Saturday, December 25, 2010

What a Difference a Year Made

Merry Christmas! In a little while, I'll be with my family, celebrating with a low-carb Christmas dinner. We'll be snacking on the low-carb goodies I made for them yesterday: low-carb chocolate peanut butter cookies, pate, roasted almonds, and some goat cheese I bought. Why low-carb? Because in the past year, cutting down on carbs has solved so many problems for me and my mother.

A year ago today when I started this blog, I was eating a high-carb (~180 grams per day), low-fat, adequate protein diet. I was scheduled for a root canal. I needed acid blockers, four-hour naps every weekend, frequent meals, and visits to the chiropractor. I was also anemic and putting on weight. This, even though I ate so-called "good carbs" and worked out six days a week.

In January, I cut out wheat and began slowly losing weight and feeling less bloated. In February, I cut way, way down on all carbs (to around 50 grams per day) and the fat fell off fast. My need for the naps, frequent meals and back cracking evaporated. My chronic congestion and acid reflux went away and my shoulder stopped hurting. (One of my dance teachers made the same comment about her knee: sugar makes it hurt.) My teeth are whiter and healthier, too. Those so-called "good carbs" or "complex carbohydrates" are, except for fiber, just starch. They're sugar molecules holding hands. When you eat starch, it turns into sugar.

My mother is diabetic, so it's extremely important for her to limit carbs. She, too, eliminated wheat--even though she once said she never would. She understands what raises her blood sugar, and has gotten it into a range that shouldn't cause organ and tissue damage. (It was 99 this morning.)

But the biggest change I've seen in both of us is that our spirits and energy have risen. My hairstylist remarked that I'd gotten in touch with my inner 12-year-old; my mom has never been so happy. Was that the hole in our souls--too much sugar and a lack of dietary fat?

8 comments:

kellgy said...

I too had a wonderful holiday. I did what you described 7 months ago, lost 110+ pounds, and feel wonderful and full of energy. It's a great feeling not being the tired one at such a busy time. It sure is greener on this side of the fence.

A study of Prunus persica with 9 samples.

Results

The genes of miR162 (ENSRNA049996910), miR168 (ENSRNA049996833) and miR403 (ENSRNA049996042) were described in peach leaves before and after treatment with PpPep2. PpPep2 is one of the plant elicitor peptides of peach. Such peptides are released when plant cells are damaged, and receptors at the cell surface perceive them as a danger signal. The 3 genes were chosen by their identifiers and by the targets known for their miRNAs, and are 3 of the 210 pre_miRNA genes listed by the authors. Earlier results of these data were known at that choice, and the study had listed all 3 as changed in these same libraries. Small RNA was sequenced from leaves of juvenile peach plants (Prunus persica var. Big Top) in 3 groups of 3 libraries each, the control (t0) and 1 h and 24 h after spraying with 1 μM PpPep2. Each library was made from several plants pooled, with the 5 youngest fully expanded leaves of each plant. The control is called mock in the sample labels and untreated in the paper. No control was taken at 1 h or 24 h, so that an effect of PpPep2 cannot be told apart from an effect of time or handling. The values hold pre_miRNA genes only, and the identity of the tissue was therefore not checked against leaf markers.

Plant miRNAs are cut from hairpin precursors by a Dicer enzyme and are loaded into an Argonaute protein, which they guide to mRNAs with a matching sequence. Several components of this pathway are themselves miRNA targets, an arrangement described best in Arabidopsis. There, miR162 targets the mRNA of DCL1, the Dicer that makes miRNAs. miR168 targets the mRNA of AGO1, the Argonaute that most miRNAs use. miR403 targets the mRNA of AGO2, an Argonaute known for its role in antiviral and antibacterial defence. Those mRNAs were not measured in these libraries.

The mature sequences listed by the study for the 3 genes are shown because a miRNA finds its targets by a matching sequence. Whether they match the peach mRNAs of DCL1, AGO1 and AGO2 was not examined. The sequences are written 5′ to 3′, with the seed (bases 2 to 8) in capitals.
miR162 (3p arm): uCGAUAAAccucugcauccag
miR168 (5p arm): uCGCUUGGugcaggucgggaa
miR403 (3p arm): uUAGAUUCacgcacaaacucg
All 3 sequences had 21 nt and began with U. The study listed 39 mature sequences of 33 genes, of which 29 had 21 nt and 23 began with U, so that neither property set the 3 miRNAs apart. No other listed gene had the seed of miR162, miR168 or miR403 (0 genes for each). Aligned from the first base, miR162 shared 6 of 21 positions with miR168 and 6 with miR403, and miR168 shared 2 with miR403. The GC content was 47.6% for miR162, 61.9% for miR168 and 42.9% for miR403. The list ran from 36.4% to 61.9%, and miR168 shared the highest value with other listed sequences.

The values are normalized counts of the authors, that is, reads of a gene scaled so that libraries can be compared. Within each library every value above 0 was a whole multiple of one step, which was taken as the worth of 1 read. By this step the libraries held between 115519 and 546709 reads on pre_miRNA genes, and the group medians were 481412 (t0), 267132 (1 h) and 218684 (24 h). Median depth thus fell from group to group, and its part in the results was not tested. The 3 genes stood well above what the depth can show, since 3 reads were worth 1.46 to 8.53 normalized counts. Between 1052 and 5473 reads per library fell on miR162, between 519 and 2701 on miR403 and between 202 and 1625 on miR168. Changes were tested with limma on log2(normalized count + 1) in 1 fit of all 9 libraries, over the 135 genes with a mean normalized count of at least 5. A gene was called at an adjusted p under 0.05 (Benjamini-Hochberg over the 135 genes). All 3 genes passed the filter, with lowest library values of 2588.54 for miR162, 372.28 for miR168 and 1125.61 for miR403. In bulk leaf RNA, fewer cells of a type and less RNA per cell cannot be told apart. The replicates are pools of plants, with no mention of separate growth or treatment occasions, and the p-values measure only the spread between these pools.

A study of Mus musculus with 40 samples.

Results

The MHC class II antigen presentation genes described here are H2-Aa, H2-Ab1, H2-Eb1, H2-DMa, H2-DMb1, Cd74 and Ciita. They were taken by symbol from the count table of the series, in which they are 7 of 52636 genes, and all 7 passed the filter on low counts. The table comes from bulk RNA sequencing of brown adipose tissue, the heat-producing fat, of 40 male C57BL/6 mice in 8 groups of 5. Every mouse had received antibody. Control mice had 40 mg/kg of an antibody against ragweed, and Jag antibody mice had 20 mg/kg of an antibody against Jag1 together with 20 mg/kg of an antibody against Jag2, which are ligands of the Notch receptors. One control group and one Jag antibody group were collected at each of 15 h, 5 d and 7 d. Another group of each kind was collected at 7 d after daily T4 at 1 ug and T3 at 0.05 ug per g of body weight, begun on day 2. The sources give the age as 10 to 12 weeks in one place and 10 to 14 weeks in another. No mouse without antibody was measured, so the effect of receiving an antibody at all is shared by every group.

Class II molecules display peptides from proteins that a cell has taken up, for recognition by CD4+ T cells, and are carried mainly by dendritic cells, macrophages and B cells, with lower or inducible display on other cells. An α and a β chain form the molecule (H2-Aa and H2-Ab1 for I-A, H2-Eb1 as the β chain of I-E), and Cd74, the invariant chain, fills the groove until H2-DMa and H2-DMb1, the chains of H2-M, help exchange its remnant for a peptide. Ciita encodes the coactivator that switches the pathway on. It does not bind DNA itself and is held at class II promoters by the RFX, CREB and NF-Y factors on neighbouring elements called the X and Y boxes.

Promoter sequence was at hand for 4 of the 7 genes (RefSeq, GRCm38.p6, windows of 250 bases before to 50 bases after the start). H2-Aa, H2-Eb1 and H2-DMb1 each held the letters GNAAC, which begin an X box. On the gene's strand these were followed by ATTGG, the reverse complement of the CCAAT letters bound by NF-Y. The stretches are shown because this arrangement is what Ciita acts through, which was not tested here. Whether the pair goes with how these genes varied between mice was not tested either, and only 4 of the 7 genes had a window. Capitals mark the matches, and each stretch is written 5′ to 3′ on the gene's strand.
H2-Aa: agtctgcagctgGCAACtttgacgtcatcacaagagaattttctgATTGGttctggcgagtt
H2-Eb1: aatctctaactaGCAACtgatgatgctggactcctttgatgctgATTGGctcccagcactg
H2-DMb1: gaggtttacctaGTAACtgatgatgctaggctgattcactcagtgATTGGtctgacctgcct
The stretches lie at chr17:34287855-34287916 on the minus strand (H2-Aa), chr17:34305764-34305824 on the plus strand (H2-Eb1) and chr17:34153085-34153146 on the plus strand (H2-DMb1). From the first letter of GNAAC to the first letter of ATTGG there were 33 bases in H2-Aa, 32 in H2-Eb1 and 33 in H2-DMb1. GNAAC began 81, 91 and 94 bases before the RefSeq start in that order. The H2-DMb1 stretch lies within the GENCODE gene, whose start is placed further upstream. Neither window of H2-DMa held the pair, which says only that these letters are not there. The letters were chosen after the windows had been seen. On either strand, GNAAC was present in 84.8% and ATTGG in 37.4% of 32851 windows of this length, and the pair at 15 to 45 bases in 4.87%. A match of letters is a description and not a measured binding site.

Merry Christmas!

Lori Miller said...

Congratulations and Merry Christmas! I noticed you changed your photo awhile back, and you looked like you'd lost weight.

Here's to another happy year!

Anonymous said...

I'm inclined to give the credit, or at least a lot of credit, to reducing/eliminating gluten. less sugar is never a bad thing; but I don't think it improves people's moods the way gluten free can. Congratulations on the improvements in your health and sense of well being.

Your readers may be interested in this website which is a free support group for people trying gluten free for one month in January
http://www.glutenfreejan.com/

I am not affiliated with this site in anyway, etc.

Lori Miller said...

Anon, I had reduced gluten about ten years before and had some modest improvements in my skin. Basically, I just substituted wheat for other carbs. I don't remember my mood or outlook improving.

Gluten-free is good--and to my mind, not all that hard to do--but I attribute my results more to reducing carbs in general and taking a lot of minerals.

Lori Miller said...

Oops--I meant "substituted other carbs for wheat."

Anonymous said...

The labeling situation for gluten keeps improving, for sure. There's still room for improvement though. This study discusses gluten cross contamination in grains that are considered to be naturally gluten free
http://new.diet.com/blogs/read/contamination-of-naturally-gluten-free-grains/19524

Lori Miller said...

Thanks for the link. That's scary stuff for people who have zero tolerance for gluten. It's another good reason to eat what I call real foods (meat, veg, eggs, etc.) instead.

Lori Miller said...

Anon from December 26--having looked back at my blog entries on wheat from back in January, I see that I got more benefit from ditching the wheat than I remembered.